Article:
Batteries Ordered!

  
Very excite!  $45.88 for a replacement stock battery, and a “modular bay battery” to go in the place of the seldom used DVD drive.  Hard drive might be next..

My New Old Dell Latitude D620

Out of the kindness of his heart, my good buddy, Andrew, has donated a gently used Dell D620 laptop to my collection. 

Not a super beast of a machine, but that’s not what I need it for.  As you can see, I currently have CentOS 6.5 installed.  I initially started with CentOS 7, but I couldn’t find wireless drivers anywhere for it, so I downgraded to 6.5 on a whim.  As you can see in that first picture, wireless works… out of the box.  Suspend works too!  So if you had any questions regarding the maturity of CentOS 6..  Here’s your sign.  As much as I might like the slickness of CentOS 7, functional hardware is more important.

Btw, output from LSPCI regarding the internal wireless:
Broadcom Corporation BCM4311 802.11b/g WLAN (rev 01)

Also, I just can’t say no to GNOME 2.  I’ve really missed it.  Its simple, functional, responsive, customizable..  Not that GNOME 3 is bad, but there’s a certain quaintness to GNOME 2.  This was the desktop environment that I used with Ubuntu when I first started using Linux, so there’s a bit of nostalgia, too.

No official Chromium (or Google Chrome) support at this point, but Firefox works well enough.  Besides, other than the Google sign-in feature, I wasn’t really using any Chrome-specific features anyway (built-in Flash was nice though..)

So, new possibilities!  With a mobile Linux rig, I can hop on my bike and Linux at the library, or the coffee shop, or wherever.  Not to mention lugging the old Dell desktop that mom gave me to and from Andrew’s place was getting kind of old.

So that’s the good, the bad: needs a new battery, currently has a DVD-ROM/CD-RW drive.

New batteries replacements aren’t so bad, ~$20.  DVD-RW drives for less than that.  What’s more intriguing, is that there’s another battery that I can buy that goes where the optical drive goes.  With a fresh new replacement battery and a beefy internal battery to go with it..  plenty of juice for the road.  The hard drive is a little on the small side..  Ultimate replacement would be an SSD.. and I’m sure it would make a huge difference in responsiveness..  But that’s pricey and can wait.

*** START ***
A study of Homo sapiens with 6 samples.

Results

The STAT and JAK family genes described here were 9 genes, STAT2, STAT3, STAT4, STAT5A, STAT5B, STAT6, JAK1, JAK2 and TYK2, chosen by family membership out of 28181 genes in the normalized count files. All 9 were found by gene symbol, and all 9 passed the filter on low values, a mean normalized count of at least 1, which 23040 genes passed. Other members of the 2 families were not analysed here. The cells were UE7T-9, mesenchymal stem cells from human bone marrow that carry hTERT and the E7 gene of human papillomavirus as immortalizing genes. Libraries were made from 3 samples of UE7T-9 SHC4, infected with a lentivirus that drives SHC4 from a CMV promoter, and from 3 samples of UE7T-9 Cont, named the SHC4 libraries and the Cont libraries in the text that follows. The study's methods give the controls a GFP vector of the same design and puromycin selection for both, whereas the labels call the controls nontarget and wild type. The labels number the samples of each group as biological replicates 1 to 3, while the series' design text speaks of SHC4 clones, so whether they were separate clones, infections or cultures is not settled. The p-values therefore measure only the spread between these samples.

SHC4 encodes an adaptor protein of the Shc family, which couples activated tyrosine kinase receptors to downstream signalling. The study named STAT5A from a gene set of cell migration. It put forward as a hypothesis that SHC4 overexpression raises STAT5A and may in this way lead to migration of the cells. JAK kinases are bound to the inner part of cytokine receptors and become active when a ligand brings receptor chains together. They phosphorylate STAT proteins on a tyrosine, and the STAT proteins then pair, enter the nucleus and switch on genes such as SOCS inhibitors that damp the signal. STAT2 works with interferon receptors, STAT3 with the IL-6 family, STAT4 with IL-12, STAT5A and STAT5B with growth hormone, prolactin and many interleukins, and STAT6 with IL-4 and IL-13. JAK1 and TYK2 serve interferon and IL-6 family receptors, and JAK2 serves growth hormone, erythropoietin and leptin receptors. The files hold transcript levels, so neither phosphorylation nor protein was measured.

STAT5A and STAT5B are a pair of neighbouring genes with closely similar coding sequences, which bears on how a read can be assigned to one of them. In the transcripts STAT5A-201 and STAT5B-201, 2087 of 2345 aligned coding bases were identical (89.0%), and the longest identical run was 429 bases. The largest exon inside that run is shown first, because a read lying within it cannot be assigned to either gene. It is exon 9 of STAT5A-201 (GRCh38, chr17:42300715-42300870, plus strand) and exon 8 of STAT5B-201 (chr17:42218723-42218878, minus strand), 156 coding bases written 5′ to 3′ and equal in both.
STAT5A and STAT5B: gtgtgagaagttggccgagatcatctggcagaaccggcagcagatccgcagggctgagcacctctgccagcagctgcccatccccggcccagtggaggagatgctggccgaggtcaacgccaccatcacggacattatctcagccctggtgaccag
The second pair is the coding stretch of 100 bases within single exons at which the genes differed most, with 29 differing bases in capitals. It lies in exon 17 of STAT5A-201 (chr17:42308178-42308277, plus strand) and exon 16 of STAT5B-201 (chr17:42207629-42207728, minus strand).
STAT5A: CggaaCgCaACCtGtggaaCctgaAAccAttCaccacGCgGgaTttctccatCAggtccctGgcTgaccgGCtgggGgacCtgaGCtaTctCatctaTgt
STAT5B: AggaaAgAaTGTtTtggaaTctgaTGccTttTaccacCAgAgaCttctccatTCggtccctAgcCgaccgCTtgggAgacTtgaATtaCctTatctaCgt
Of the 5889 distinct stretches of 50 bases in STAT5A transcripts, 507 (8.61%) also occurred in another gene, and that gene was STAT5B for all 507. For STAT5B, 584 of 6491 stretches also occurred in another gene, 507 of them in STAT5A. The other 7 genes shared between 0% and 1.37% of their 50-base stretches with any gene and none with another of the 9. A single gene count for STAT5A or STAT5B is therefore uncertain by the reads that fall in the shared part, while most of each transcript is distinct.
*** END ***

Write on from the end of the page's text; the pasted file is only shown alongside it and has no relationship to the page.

So if this sounds like something that might appeal to you, I highly recommend it!  If you’re looking for a budget (sub-$200) Linux lappy, the Dell D620 is pretty good!

Fun With Aliases

I’m not sure if this is good form or not, but I’ve made some aliases to take me to some frequently used folders on my hard drive and my Dropbox.  Additionally, an alias to the handy dandy Dropbox python script.  Also added the human readable switch to ll.

[travnewmatic@localhost ~]$ alias
alias box=’python /home/travnewmatic/Dropbox/dropbox.py’
alias doc=’cd /home/travnewmatic/Documents/’
alias down=’cd /home/travnewmatic/Downloads/’
alias drop=’cd /home/travnewmatic/Dropbox/’
alias egrep=’egrep –color=auto’
alias fgrep=’fgrep –color=auto’
alias grep=’grep –color=auto’
alias home=’cd /home/travnewmatic/’
alias l.=’ls -d .* –color=auto’
alias linux=’cd /home/travnewmatic/Dropbox/Linux/’
alias ll=’ls -l –color=auto -h’
alias ls=’ls –color=auto’
alias vi=’vim’
alias which=’alias | /usr/bin/which –tty-only –read-alias –show-dot –show-tilde’

Since I put all of 15 minutes into tricking out my .bashrc file with aliases, I figured it’d be a good idea to back it up to my Dropbox.  But then I wondered, what if the .bashrc file in my home directory was instead a symlink to the backup in my Dropbox?  That way, any change would automatically be backed up, and whats more, I can use that same .bashrc file on multiple machines, and I’d have all my aliases with me (like in my CentOS 6.5 virtual machine)!
So thats what I did.
I have my CentOS 7 installation on a physical hard drive, and a CentOS 6.5 installation in a virtual machine.  Both have a user ‘travnewmatic’.  Both travnewmatic home folders have .bashrc symlinks to the real .bashrc file in my Dropbox.
The only issue I’ve anticipated is that an alias that works on one machine might not work on another machine.  The majority of my aliases change to a particular folder, so if that folder didn’t exist or the path was different, then the alias would not work.
So, lets update it a bit..

[travnewmatic@localhost ~]$ cat .bashrc
# .bashrc
# Source global definitions
if [ -f /etc/bashrc ]; then
. /etc/bashrc
fi
# Uncomment the following line if you don’t like systemctl’s auto-paging feature:
# export SYSTEMD_PAGER=
# User specific aliases and functions
alias doc=’cd ~/Documents/’
alias down=’cd ~/Downloads/’
alias drop=’cd ~/Dropbox/’
alias egrep=’egrep –color=auto’
alias fgrep=’fgrep –color=auto’
alias grep=’grep –color=auto’
alias home=’cd ~’
alias l.=’ls -d .* –color=auto’
alias linux=’cd ~/Dropbox/Linux/’
alias ll=’ls -l –color=auto -h’
alias ls=’ls –color=auto’
alias vi=’vim’
alias which=’alias | /usr/bin/which –tty-only –read-alias –show-dot –show-tilde’
alias box=’python ~/Dropbox/dropbox.py’
alias music=’cd ~/Music’

Yes, as expected, relative path names do work.  You can find my current .bashrc file in my Dropbox.